Investors are concerned about banks’ N814 billion in nonperforming loans (NPLs) in 2021


According to the investors, the Central Bank of Nigeria (CBN) may have reached the limit of its monetary policy tools in supporting the economy. This is especially true if the fiscal complements are not triggered right away.

They voiced concern that if the pattern continues, it will reduce banks’ bottom lines in the current fiscal year, lowering dividend yields.

According to them, the government’s failure to create an enabling climate that would promote real-estate company operations and profits will bolster banks’ nonperforming loans (NPLs) and destroy their profitability.

The impact of the COVID-19 crisis on business cash flows for debt service, particularly the impact of foreign exchange (forex) rate crises, has exacerbated the level of corporate loan default.

The CBN had compelled Deposit Money Banks to increase lending to the real sector, smallholder farmers, Micro, Small and Medium Enterprises (MSMEs), consumer credit and mortgage facilities for bank customers, grow external reserves, and support efforts aimed at diversifying the economy through intervention programs in order to achieve domestic macroeconomic and financial stability.

The problem is exacerbated, according to Godwin Anono, president of the Standard Shareholders Association, by the fact that most businesses have yet to emerge from the economic downturn, persistently difficult domestic operating circumstances, and sluggish economic growth in recent years.

According to him, the country’s economic recovery will necessitate not only complementary fiscal policies, but also actions to achieve the desired goals, particularly in improving the country’s transportation network so that goods can be moved easily from farmland to market, reducing wastage and keeping costs in check to boost the manufacturing sector.

According to the findings, the total NPLs held by nine banks grew to N814.08 billion in 2021, up 3.16 percent from the N789.1 billion reported in 2020.

Access Holdings Plc, Zenith Bank Plc, Wema Bank Plc, FCMB Group, Union Bank of Nigeria Plc, and Stanbic IBTC Holdings Plc are among the nine banks.

Guaranty Trust Holding Plc, United Bank for Africa Plc, and Ecobank Nigeria are among the others. However, with the banking sector’s NPL ratio closing 2021 at 4.85 percent, some of the nine institutions were able to stay inside the Central Bank of Nigeria’s five percent NPL limit.

Further findings demonstrate that, while some banks had an increase in NPLs over the time under study, others saw a large drop.

According to the banks’ audited financial statements for 2021, Access Holdings, Zenith Bank, and GTCO had the most NPL by value among the nine banks, while Stanbic IBTC Holdings had the lowest.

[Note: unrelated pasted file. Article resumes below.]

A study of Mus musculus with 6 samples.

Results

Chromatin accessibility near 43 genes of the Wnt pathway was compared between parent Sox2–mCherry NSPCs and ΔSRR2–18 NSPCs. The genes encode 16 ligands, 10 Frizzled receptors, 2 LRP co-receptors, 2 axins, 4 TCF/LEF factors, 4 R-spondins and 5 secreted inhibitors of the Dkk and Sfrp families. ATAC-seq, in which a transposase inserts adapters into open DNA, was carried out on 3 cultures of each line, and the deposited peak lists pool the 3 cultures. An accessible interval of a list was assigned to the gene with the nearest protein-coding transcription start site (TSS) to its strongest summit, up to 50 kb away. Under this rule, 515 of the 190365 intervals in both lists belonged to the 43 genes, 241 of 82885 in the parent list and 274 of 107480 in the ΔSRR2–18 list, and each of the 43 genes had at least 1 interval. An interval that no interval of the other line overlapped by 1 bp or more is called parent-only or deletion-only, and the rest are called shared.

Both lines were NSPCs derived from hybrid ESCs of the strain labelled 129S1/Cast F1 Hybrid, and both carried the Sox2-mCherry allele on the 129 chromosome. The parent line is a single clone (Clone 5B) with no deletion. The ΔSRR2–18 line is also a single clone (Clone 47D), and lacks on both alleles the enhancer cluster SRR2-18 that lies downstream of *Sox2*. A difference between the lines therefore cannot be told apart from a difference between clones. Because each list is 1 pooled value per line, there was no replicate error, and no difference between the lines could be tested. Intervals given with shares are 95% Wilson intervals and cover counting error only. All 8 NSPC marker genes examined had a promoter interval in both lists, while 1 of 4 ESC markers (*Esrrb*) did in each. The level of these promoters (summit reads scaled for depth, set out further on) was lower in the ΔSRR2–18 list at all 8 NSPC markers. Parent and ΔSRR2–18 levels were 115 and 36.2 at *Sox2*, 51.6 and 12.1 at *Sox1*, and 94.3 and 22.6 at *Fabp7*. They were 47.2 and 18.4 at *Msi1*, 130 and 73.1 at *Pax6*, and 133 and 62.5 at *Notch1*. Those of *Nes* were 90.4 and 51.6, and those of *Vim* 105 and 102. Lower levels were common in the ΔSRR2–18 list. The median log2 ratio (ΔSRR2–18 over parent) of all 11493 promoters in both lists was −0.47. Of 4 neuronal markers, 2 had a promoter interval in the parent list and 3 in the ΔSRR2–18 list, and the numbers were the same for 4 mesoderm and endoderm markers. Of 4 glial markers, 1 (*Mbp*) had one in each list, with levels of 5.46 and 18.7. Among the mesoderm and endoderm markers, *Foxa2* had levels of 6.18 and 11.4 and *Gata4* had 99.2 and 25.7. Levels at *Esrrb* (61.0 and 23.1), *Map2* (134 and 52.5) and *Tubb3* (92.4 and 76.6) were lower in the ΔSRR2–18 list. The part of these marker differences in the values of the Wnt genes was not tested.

In 2021, Access Bank reported N181.5 billion in NPLs, up 4.3 percent from N161.2 billion in 2020, while Zenith Bank reported N146.8 billion, up 17.3 percent from N125.2 billion in 2020. Wema Bank reported N21.3 billion in 2021, up 19.3% from N19.3 billion in 2020, while FCMB Group reported N45.93 billion in 2021, up 61% from N28.57 billion in 2020.

Others include Union Bank of Nigeria, which recorded N38.66 billion in NPLs in 2021, up from N29.45 billion in 2020, and Stanbic IBTC Holdings, which reported a 23.4% decrease in NPLs to N20.3 billion in 2021, down from N25.5 billion in 2020.

Anono noted that the state of the economy could cause those loans to become delinquent even if the borrower does not intend for them to do so, saying that when the economy is struggling, the likelihood of loans becoming delinquent increases dramatically.

Anono stated that port and land border reforms must be implemented to achieve a more efficient exportation process and to reduce smuggling activities, as well as the establishment of a special court for the speedy adjudication of disputes arising from commercial transactions, in order to boost the performance of the real sectors.

According to him, a major improvement in the protection of lives and property in the country, notably on farmlands that have been decimated by the herdsmen problem and the accompanying violence, which has claimed lives, is also essential.

He also emphasized the importance of a fiscal response that includes measures to improve electricity generation, transmission, and distribution in Nigeria, as this is critical to lowering the costs of doing business and making locally manufactured goods competitive in both domestic and international markets.

Implementation of these policies, according to Awani, will develop new enterprises, reduce import dependency, increase foreign exchange profits, ensure a steady exchange rate, and possibly cause the currency’s value to remain stable.

On the other hand, if these concerns are not addressed, he believes that increased lending to the economy will result in an increase in non-performing loans in the Nigerian financial system.

Eric Akinduro, president of the Ibadanzone Shareholders Association, stated that non-oil exports from Nigeria are expected to expand, as well as the cost of exporting goods from Nigeria, making exportation more profitable than before.

As a result of the rise of agricultural and allied industries, he believes that enacting the necessary fiscal policy will help to support the development of commodity exchange and prospects in logistics.

Increased financing to the real sector in Nigeria would result in shared wealth, a reduction in smuggling, and an increase in local production, according to Akinduro, but he stressed the necessity for an immediate fiscal policy response to build the economy.